The Tudors: The Complete Story of England's Most Notorious Dynasty, by G.J. Meyer is a one-volume history of the Tudor dynasty, written for a popular audience by an author referencing many standard works on the era. Meyer's references all are secondary sources and he offers his own interpretation of the dynasty based on his reading of these materials. G.J. Meyer is also a journalist and author of a study of the First World War, A World Undone: The Story of the Great War, also published by Delacorte Press.
Meyer uses the word "notorious" in the subtitle and on occasion in the text he notes that the Tudors excelled in certain discreditable activities: torture, for instance and execution by various means. He calls Henry VIII a monster and tries to remove the romantic fascination of Elizabeth I by diminishing her role in matters of state and emphasizing her vanity and desire for syncophantic praise. Meyer terms Edward VI "a King too early" and Mary I "a Queen too late".
One omission I think is a chapter dedicated to Henry VII! Shouldn't a complete history of a dynasty include a chapter on the founder of the dynasty? He incorporates an overview of Henry VII's rise to the throne and reign into the Prologue and the first chapter of Part One. By the second chapter, Meyer is already discussing the King's Great Matter, and the issues of Henry's marriage to Katherine of Aragon dominate throughout that section. Part Two documents Henry's tyranny and excess with the Dissolution of the Monasteries (Meyer relies on Gasquet here and would do better with Knowles), the Acts of Supremacy and Succession, executions, marriages, etc.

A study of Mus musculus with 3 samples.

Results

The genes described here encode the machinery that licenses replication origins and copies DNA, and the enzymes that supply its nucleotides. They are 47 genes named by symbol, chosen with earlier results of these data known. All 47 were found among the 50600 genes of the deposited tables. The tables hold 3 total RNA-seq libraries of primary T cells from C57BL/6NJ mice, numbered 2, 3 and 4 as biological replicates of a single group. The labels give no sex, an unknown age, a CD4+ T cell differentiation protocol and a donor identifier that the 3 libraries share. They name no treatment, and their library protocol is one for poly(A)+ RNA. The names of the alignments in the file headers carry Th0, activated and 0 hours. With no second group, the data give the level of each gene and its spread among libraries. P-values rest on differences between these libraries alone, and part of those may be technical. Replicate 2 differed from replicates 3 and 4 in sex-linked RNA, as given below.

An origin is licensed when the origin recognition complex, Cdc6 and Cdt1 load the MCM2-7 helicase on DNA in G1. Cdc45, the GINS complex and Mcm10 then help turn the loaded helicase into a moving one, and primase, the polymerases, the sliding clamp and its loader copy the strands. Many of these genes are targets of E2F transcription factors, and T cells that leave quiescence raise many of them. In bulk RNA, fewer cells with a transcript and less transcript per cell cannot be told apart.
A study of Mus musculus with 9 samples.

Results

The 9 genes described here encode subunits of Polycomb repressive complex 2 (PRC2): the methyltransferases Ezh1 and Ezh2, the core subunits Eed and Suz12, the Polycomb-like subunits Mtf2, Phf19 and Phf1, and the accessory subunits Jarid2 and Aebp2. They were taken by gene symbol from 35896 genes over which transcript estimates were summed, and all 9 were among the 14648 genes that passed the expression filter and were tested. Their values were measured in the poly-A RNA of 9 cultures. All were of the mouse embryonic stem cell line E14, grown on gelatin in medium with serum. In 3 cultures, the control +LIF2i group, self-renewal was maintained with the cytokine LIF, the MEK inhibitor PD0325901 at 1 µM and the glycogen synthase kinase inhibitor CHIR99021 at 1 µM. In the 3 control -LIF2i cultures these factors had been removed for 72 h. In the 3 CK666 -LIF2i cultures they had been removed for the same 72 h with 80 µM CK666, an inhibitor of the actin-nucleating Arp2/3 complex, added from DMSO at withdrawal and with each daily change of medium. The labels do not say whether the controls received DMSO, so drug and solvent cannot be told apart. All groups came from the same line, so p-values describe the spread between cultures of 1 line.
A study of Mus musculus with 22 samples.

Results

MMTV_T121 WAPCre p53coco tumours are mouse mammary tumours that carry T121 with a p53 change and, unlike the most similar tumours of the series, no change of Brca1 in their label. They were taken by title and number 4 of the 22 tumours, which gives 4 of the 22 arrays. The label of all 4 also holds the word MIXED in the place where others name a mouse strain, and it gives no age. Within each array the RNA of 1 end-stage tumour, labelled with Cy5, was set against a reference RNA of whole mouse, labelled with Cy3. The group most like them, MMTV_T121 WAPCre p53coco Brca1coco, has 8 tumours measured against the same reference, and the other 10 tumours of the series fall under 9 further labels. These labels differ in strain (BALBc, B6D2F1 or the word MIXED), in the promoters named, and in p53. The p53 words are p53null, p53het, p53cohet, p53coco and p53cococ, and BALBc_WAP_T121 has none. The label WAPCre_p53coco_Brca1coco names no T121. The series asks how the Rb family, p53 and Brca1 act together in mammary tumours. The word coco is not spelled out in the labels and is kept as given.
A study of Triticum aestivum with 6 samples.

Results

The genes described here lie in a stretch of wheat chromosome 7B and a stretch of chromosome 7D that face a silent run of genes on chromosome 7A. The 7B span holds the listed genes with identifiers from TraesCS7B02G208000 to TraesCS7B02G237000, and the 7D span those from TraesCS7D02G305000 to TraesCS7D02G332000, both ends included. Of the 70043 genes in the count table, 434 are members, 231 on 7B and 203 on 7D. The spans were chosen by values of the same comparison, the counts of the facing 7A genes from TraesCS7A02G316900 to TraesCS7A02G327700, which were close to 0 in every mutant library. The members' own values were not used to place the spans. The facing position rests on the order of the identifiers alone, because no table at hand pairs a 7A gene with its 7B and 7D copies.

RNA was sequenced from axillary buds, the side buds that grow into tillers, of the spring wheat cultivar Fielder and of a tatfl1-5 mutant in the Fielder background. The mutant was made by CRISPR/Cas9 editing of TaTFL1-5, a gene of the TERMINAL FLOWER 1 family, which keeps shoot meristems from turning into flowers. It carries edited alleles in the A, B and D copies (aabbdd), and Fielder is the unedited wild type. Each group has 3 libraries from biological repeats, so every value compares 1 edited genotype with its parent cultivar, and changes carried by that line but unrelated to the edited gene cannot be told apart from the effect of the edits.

The hardcover edition includes a dustjacket with Elizabeth I and Henry VIII's portraits, in that order, because those are the monarchs he devotes the most pages to in the text. He does, however, give the reigns of Edward and Mary their due, as they share Part Three. Part Four is dedicated to Elizabeth I with a very good analysis of the issues of succession.
Between narrative chapters, Meyer inserts background notes on topics like the monasteries in England, the Tower of London and executions, the Protestant Reformation, the Council of Trent, Parliament, etc. The reader can either follow these excursions or maintain the narrative, but they do provide good background. I certainly think he should have incorporated the background of Mary I's life before her accession to the throne in the chapter on her reign, rather than attaching it in one of the background notes to that section.
Among his secondary sources, he lists Father John Lingard's History of England, but also references standard modern works by Eamon Duffy, D.M. Loades, David Starkey, Lacey Baldwin Smith, Antonia Fraser, and J.J. Scarisbrick, et al. He uses the sources adeptly to back up his interpretation of events and personalities.
I found it to be a very good overview of the Tudor dynasty and I agree with many of his judgments. Meyer is straightforward about his purpose, his method, and his limitations. He does not claim to be an academic scholar but he does claim the conclusions he had reached about the Tudors based on reading and studying academic works.
My husband bought me this book as a gift.